Double trouble

Thursday, September 27, 2007

Laurens-Marathon twins powering area's top-ranked volleyball team

Kylie to Kacie for the kill.

The sisterly combo is proving deadly for Laurens-Marathon's volleyball team this season.

And it's playing like a broken record throughout Northwest Iowa gymnasiums as the Class 1A No. 9-ranked Chargers seek a Northwest Conference title - and more - in their first year since exiting the Twin Lakes.

Kylie and Kacie Woodley, the senior twin sisters on L-M's volleyball team, are among the team leaders in all major statistical categories for a Chargers club that is 18-5 overall, 5-0 in the Northwest and turning heads after losing Bryn Johnson, Kelsey Meyer and Lindsey Siepker to graduation.

The 17-year-old daughters - for the record, Kacie was born first - of Rick and Kerrie Woodley of Laurens are a synchronized blur on the court, the result of years of AAU matches, summer camps across the state and a little family intuition.

So which Woodley's which?

Kacie's a 5-foot-10 returning all-Twin Lakes second-team hitter who plays middle and outside and led the team in blocks and kills last year. She's flooring 3.6 kills a game this season.

Kylie's a 5-7 1/2 setter making a return to her native position after playing defensive specialist last season while Siepker piloted the offense. She's got 435 assists to her credit, good for seven per game.

Kacie produces spikes that could dent drywall. Kylie thrives on pinpoint setting.

Kacie's a first baseman in softball, a post in basketball and a trackster.

Kylie's a left fielder, a point guard, a golfer and a dancer.

Kacie's aggressive and more outspoken. Kylie's quieter, more of a behind-the-scenes person.

Both get the job done in the classroom, Chargers coach Kerry Feekes points out. Kylie's ranked first in the senior class and Kacie's second.

"First and third," Kylie corrects her coach.

"I'm third now - eighth thousandths of a point," Kacie said.

Sorry. Third.

Kylie eats an apple and granola bar before matches. She always puts her right shoe on before her left, never unties her shoes, and insists upon wearing a pink headband and the same ponytail. Kacie doesn't have any odd superstitions - at least that she's willing to confess.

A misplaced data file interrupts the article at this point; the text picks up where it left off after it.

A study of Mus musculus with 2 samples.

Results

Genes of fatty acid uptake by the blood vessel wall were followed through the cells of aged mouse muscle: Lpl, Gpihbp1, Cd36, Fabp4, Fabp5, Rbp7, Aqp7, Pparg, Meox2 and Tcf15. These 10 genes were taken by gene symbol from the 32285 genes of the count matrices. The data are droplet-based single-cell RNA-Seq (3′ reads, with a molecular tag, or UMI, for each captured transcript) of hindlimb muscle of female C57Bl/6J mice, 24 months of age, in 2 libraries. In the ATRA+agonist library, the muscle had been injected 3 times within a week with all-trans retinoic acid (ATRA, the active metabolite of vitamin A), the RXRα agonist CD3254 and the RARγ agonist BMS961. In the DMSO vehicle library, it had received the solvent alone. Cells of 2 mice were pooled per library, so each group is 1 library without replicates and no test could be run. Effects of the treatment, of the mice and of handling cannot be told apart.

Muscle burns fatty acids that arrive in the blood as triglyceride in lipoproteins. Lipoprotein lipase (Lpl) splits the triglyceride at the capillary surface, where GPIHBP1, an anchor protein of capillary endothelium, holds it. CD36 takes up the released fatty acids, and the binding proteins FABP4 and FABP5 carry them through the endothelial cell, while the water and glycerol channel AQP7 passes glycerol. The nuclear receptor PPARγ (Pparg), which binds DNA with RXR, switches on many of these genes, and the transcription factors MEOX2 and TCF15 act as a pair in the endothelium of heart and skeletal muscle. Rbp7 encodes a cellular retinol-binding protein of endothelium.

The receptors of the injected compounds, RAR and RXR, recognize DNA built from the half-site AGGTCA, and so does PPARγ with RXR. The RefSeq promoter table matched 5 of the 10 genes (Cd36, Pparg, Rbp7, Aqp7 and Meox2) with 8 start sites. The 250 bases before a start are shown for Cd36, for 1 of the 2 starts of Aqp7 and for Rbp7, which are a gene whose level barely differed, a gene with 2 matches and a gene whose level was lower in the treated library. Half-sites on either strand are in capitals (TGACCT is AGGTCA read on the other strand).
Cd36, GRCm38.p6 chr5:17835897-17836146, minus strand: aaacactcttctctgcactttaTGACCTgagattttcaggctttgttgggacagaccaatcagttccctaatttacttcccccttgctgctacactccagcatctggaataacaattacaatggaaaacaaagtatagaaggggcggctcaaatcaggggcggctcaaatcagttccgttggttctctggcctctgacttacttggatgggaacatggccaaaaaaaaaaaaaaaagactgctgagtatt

Kacie thrives on the feeling she gets after a big win, such as when the Chargers knocked off Okoboji at the Hartley Tourney last year.

"No one thought Laurens-Marathon would be this good, and then we go out and beat this supposedly big powerhouse," she said. "It was awesome."

Kylie likes the power aspect of the game.

"I like it when people slam the ball on the ground and people go, 'oh, geez,'" she said.

"They're both really smart and able to figure stuff out on the court," said Feekes, who has won 388 matches in his 25 years with the program. "Their leadership skills compliment each other. Kylie tends to take care of people and worry about their feelings. Kacie's more like, 'let's get it going.' When Kacie doesn't get the set she wants, she'll be telling Kylie what she should set.

"Kylie kind of explains to her, 'you're gonna get what you get.'"

"I'm not a patient person," Kacie said with a laugh.

Most of the time, she's not waiting on Kylie to deliver, though. Kylie, who has fought shoulder problems in the past, says she's at home with her position this year.

"Plus I don't quite have the vertical (Kacie) does," she said. "She's pretty good about hitting everything. She doesn't complain too much."

The twins are planning to attend college together and play volleyball at BVU or Simpson but for now they're hoping to take a tightknit L-M squad to a league title and possibly to state, before which they'd likely have to face 1A No. 3 North Sentral Kossuth, which beat them earlier this season.

"We don't really like to talk about it because then you try and set your goals too high and think too far in the future," said Kylie.

But the Chargers appreciate their rating and view it partially as a sign of respect for the program, said Feekes, who admitted the Twin Lakes was a tougher league to play in.

"That conference is predominantly 2A and upper 1A and just always competitive," he said. "We have to develop better as a team before we can really talk about (postseason aspirations). When we see better teams, we'll know better."

Feekes said he knew he'd play Kylie at setter a year in advance, and that Megan Cleveland and Diana Johnsen could play big defensive specialist roles, which they've done this year.

"We have a junior (Jordan Sundblad) that has about a year and a half of varsity experience. And we also knew that our sophomore class was pretty good," Feekes said. "We kind of take the stress off them because two of them don't even have to play the back row at all."

Said Kylie, "It helped that everyone was like, you know what, we can do this. We all just went in with a good attitude and everyone's open to learning.

"People thought we weren't going to be that good this year, and we're trying to prove them wrong."

Feekes has had his share of coaching peers ask him if his twins will be graduating sometime in the next decade - coaches who know better.

Unfortunately, he can no longer reply, "one more year."

"(Schaller-Crestland coach Marilyn Murra) has asked me that numerous times," he said with a laugh. "She knows exactly what grade they're in. It's a nice combination to have, and they get along really well together, which is great.

"Just having the two of them close together is a nice experience."